Explores the regulatory system which aims to protect rights and resolve disputes that the legal system is being forced to consider and to respond to the problems thrown up by the use and abuse of computer technology. Discusses the present responses in order to give accurate advice to the computer industry and its users and of the uses to which information technology as management systems can be put in our courts, legal offices, and legal information retrieval systems.
Topic 1 Information society and the governance of cyberspace
Topic 2 Information technology and the internet in legal practice
Topic 3 Jurisdiction and dispute settlement
Topic 4 Digital copyright via case study: The digital distribution of music and film
Topic 5 Other intellectual property rights: Trademarks and domain names, patents and internet business methods
Topic 6 Technology contracts
Topic 7 Electronic transactions
Topic 8 Regulation of other internet content
Topic 9 Privacy
Topic 10 Computer crime
Unit Learning Outcomes express learning achievement in terms of what a student should know, understand and be able to do on completion of a unit. These outcomes are aligned with the graduate attributes. The unit learning outcomes and graduate attributes are also the basis of evaluating prior learning.
Learning outcomes and graduate attributes
|On completion of this unit, students should be able to:||GA1||GA2||GA3||GA4||GA5||GA6||GA7|
|1||understanding of approaches to ethical decision-making and an ability to recognise, reflect upon, and respond to ethical issues likely to arise in professional contexts||Ethical practice|
|2||an ability to recognise and reflect upon the professional responsibilities of lawyers in promoting justice and in service to the community||Ethical practice|
|3||understanding of a broad and coherent body of knowledge that includes the fundamental areas of law, the Australian legal system, and underlying principles and concepts, and the broader contexts within which legal issues arise||Knowledge of a discipline|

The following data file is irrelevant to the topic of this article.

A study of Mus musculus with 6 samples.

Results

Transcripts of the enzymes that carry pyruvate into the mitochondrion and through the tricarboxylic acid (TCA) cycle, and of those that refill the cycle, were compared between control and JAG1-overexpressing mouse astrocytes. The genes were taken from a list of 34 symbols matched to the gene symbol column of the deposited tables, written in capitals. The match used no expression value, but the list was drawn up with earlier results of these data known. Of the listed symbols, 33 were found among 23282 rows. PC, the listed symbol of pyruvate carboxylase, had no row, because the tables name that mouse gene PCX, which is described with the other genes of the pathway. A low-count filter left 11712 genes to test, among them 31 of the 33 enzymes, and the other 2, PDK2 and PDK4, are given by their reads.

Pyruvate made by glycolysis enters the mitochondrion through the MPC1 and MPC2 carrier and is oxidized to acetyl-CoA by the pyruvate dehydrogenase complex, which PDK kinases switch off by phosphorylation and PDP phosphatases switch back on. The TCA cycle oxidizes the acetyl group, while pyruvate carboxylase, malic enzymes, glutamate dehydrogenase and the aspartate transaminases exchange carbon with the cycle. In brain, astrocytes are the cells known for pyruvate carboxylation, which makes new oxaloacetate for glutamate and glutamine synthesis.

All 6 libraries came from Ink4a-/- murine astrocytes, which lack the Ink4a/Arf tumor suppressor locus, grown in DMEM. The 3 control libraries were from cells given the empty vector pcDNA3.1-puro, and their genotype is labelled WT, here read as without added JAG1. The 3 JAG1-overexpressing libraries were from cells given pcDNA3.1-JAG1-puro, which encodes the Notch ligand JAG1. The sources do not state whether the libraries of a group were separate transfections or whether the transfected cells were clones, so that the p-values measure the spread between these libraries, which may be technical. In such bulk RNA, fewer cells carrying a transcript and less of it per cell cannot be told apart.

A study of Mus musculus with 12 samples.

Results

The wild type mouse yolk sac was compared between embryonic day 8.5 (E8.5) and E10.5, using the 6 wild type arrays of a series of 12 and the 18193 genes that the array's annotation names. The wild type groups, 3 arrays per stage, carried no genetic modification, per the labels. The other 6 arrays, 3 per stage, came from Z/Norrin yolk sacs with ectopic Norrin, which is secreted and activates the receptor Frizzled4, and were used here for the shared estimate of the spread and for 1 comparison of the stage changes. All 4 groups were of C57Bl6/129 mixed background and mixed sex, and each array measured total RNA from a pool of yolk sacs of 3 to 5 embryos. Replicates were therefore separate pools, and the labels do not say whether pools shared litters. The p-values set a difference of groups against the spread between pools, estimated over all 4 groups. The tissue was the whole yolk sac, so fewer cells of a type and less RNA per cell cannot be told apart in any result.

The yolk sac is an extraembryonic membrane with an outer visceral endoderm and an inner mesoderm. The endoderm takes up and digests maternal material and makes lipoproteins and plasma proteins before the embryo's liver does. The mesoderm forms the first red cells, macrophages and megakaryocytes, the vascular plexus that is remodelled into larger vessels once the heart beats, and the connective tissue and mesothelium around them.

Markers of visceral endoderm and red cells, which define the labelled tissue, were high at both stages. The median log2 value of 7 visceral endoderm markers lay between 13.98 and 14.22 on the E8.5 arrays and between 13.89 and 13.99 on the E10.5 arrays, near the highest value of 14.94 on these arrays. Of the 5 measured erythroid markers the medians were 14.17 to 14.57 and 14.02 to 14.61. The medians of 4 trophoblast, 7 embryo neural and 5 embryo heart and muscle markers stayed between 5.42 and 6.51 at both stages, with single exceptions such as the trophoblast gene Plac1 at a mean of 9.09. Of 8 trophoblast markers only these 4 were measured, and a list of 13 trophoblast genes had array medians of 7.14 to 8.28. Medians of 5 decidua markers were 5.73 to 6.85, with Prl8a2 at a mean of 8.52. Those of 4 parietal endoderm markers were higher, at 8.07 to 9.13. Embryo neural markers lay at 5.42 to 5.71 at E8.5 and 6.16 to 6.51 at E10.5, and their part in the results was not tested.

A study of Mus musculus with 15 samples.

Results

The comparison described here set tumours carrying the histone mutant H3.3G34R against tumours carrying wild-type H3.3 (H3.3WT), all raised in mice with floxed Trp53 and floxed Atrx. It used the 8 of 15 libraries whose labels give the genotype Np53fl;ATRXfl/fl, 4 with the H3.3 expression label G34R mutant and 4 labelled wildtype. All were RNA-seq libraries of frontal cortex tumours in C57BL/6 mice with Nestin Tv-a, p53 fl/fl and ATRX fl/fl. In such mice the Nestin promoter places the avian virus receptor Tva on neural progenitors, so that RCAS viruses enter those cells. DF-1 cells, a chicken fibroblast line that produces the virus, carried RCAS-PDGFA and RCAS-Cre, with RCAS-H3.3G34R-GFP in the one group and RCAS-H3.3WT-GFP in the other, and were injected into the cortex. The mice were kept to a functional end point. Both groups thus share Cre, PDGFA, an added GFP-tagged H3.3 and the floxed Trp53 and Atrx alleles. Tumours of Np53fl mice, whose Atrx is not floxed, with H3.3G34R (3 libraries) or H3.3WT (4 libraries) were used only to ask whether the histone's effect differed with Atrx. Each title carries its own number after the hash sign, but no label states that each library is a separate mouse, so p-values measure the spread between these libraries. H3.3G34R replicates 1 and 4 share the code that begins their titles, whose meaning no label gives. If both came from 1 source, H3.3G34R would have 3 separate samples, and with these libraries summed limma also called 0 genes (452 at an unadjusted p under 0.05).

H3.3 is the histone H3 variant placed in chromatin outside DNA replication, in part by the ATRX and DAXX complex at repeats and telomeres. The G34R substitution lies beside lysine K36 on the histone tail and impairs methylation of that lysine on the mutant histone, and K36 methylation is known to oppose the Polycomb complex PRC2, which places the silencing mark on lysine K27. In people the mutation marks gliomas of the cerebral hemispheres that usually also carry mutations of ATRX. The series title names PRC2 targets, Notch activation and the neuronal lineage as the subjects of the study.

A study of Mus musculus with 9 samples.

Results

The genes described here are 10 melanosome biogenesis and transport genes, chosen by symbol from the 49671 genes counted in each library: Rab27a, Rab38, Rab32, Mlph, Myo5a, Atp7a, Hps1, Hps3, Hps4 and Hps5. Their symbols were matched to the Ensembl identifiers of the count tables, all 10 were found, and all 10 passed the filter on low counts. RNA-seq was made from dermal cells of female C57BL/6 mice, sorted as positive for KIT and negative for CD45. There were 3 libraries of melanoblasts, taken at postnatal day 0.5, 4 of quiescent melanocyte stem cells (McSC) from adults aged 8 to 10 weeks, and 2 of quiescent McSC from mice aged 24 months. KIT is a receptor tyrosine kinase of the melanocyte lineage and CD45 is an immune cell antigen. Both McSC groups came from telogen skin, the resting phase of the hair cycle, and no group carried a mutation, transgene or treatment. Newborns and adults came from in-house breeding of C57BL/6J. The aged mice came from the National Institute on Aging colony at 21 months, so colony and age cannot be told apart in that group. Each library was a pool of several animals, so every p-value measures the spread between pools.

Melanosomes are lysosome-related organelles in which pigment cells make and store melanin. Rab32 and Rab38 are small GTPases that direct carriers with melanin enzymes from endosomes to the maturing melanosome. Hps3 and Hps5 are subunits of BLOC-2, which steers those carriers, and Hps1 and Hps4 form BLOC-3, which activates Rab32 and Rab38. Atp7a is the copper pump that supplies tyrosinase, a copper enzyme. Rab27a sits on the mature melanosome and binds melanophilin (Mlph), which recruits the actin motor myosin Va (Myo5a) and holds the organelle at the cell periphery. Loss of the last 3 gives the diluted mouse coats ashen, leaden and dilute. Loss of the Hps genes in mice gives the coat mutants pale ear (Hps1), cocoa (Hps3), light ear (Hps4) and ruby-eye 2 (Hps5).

|4||understanding of the international and comparative contexts in which legal issues arise||Knowledge of a discipline|
|5||ability to learn and work independently||Lifelong learning|
|6||capacity to reflect on and assess their own capabilities and performance, and seek and make use of feedback as appropriate, to determine personal and professional development needs and achievements||Lifelong learning|
|7||capacity to access, manage, and evaluate sources of information relevant to legal research and practice.||Lifelong learning|
- Fitzgerald, B & Fitzgerald, A, 2011, Internet and e-commerce law, business and policy, 1st edn, Thomson Reuters, Sydney. ISBN: 9780227962.
Teaching and assessment
Commonwealth Supported courses
For information regarding Student Contribution Amounts please visit the Student Contribution Amounts.
Commencing 2016 Commonwealth Supported only. Student contribution band: 1
Please check the international course and fee list to determine the relevant fees.